The science that's improving MotoGP

05th April 2022
Michael Scott

Is closer racing better racing? Seems obvious, really. It must be. More exciting, less predictable, and more user-friendly for the small screen. This last is especially true for bikes compared with Formula 1: narrow enough so that at times they can go into corners two or three abreast.


The most obvious downside is the danger: one rider’s error can easily cause a multiple-bike crash – something seen more often in the junior Moto3 category, with less experienced riders in larger fields of up to 20 competitors.

For the rest, at least for those selling motorsport as entertainment, and equally for their customers, close racing is good.

To this end, MotoGP sanctioning body Dorna has processed, over the past two decades, a series of policies and regulations aimed at reining in the runaway factory teams and levelling the competition. These range from control tyres (from 2009 – first Bridgestone, now Michelin) and electronics (first hardware, from 2016 also software all from Magneti Marelli) to limits on aerodynamic developments, a restricted number of engines (five) and a freeze on mid-season engine development.


Of paramount importance is a rule demanding that independent teams have access to factory-spec lease bikes.

There can be little doubt that this equality drive has been effective. Sundry statistics prove it.

In 2016, nine different riders claimed victory – a record number that has been approached twice since then: eight in Covid-stricken 2020, with a shortened 14-round calendar, and the same number in 2021.

Rather surprisingly, the closest top-three finish was in 1999 in Australia: Okada, Biaggi and Laconi over the line in 0.124 of a second; and the next three closest all pre-dated 2007. The fifth-closest was at Thailand’s Buriram in 2018, with Marquez, Dovizioso and Vinales covered by 0.27 of a second.

But stats for the closest top-15 points-scorers come back to prove the point. The closest – 8.928 seconds – was at Doha in 2021, with the second and fifth (16.422s) at the same circuit. The third and fourth were at Aragon and Assen, in 2020 and 2018.


This all provides a strong argument against those who believe that Grand Prix racing should be about technical adventure, innovation and excellence as well as sporting equality. In the end, racing should improve the breed, rather than only entertaining the crowds.

Ducati is at the forefront of the technophiles. The head of the race department, engineer Gigi Dall’Igna, was already breaking new ground in racing before 2010, with novel ideas for Aprilia’s two-stroke 250s. His time at Ducati (he joined in 2013) has been a cavalcade of innovations that have left the other factory engineers scrambling to catch up.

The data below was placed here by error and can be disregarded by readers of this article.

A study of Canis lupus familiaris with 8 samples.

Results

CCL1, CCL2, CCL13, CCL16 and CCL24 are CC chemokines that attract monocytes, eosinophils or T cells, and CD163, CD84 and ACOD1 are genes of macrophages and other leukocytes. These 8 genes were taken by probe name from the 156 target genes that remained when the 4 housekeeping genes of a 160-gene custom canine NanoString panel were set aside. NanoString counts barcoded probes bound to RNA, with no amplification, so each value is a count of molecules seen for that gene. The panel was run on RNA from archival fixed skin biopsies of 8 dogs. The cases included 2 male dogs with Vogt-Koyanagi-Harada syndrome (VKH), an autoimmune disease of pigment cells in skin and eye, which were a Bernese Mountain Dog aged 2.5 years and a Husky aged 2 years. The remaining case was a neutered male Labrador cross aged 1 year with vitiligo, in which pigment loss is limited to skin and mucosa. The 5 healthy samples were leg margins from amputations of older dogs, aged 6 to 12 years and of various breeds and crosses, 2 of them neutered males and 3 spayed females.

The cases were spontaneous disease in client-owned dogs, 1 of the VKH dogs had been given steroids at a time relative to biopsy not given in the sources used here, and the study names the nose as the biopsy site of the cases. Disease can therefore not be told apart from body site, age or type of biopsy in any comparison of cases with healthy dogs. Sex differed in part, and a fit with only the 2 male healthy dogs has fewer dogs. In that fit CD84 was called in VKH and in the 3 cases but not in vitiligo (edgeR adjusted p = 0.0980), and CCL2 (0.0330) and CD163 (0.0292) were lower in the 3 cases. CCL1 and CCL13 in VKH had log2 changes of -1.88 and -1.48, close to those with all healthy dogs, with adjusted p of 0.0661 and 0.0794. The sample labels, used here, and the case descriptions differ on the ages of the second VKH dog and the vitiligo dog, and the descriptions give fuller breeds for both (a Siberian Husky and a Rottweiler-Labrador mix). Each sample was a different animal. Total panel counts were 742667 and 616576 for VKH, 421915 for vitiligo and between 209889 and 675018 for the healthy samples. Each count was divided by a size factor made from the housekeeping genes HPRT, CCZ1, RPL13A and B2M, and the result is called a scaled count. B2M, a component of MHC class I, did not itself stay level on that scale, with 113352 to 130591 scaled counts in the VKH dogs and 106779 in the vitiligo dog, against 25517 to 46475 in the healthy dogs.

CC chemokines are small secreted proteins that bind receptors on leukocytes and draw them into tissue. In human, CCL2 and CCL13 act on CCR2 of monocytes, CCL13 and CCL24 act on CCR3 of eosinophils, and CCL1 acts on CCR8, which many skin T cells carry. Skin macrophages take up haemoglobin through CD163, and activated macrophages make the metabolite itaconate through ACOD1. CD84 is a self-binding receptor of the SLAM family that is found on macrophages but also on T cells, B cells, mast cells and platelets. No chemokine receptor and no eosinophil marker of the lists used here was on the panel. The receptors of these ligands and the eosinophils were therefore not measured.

It was Dall’Igna who introduced wings, and then (triggering protests from rivals) the under-belly “spoon” adding further downforce, although in the guise of tyre cooling. He protested loudly when aerodynamics fell under strict control, supposedly on cost grounds.


More recently, in 2019, he pioneered ride-height adjustment devices, cleverly circumventing long-standing regulations that ban active suspension. At first this compressed rear suspension to lower the centre of gravity, cutting wheelies off the start line. The first application of brakes released the device.

More followed, as the rivals hastily developed their own copycat devices, and Dall’Igna was the first to add the same system to the front suspension.

By 2021, he had further developed the technology so that it could be applied, not just off the start line, but also during the race; the spectacle by late season of all bikes squatting at the rear on corner exits showed how the others were copying Ducati.

Not surprisingly, the rivals were miffed. Aprilia, Honda, KTM, Suzuki and Yamaha – a high-level pressure group if ever there was one, wanted the technology banned. It was of dubious value outside of racing. Worse still (the ultimate sin), it was “not invented here”.


MotoGP’s unusual structure, however, hands decision on technical regulations to the Motorcycle Sports Manufacturers’ Association (MSMA), with a quirky constitution that requires all decisions to be unanimous. So, no matter how much five the members agreed, the sixth, Ducati, retained the power of veto.

Until March 18 – when a specially convened meeting of the GP Commission, comprising rights-holders Dorna, FIM (the sanctioning federation). IRTA (teams’ association) and the MSMA – over-ruled them. The commission operates on majority votes, but in any case, the decision was unanimous: no more mid-race front-end ride height adjustment, starting next year.

Hopes that all such devices might be banned were dashed, and front-fork genuflection will still be permitted at the start line.

Victory for the Luddites? The smashing of the looms all over again? In this isolated instance, not really. The technology was in the right hands worth a slender tenth or two here or there … which is of course vital in a race, but not so much when applied to general street motorcycle technology.

And the racing will stay as close as you like.

Images courtesy of Motorsport Images.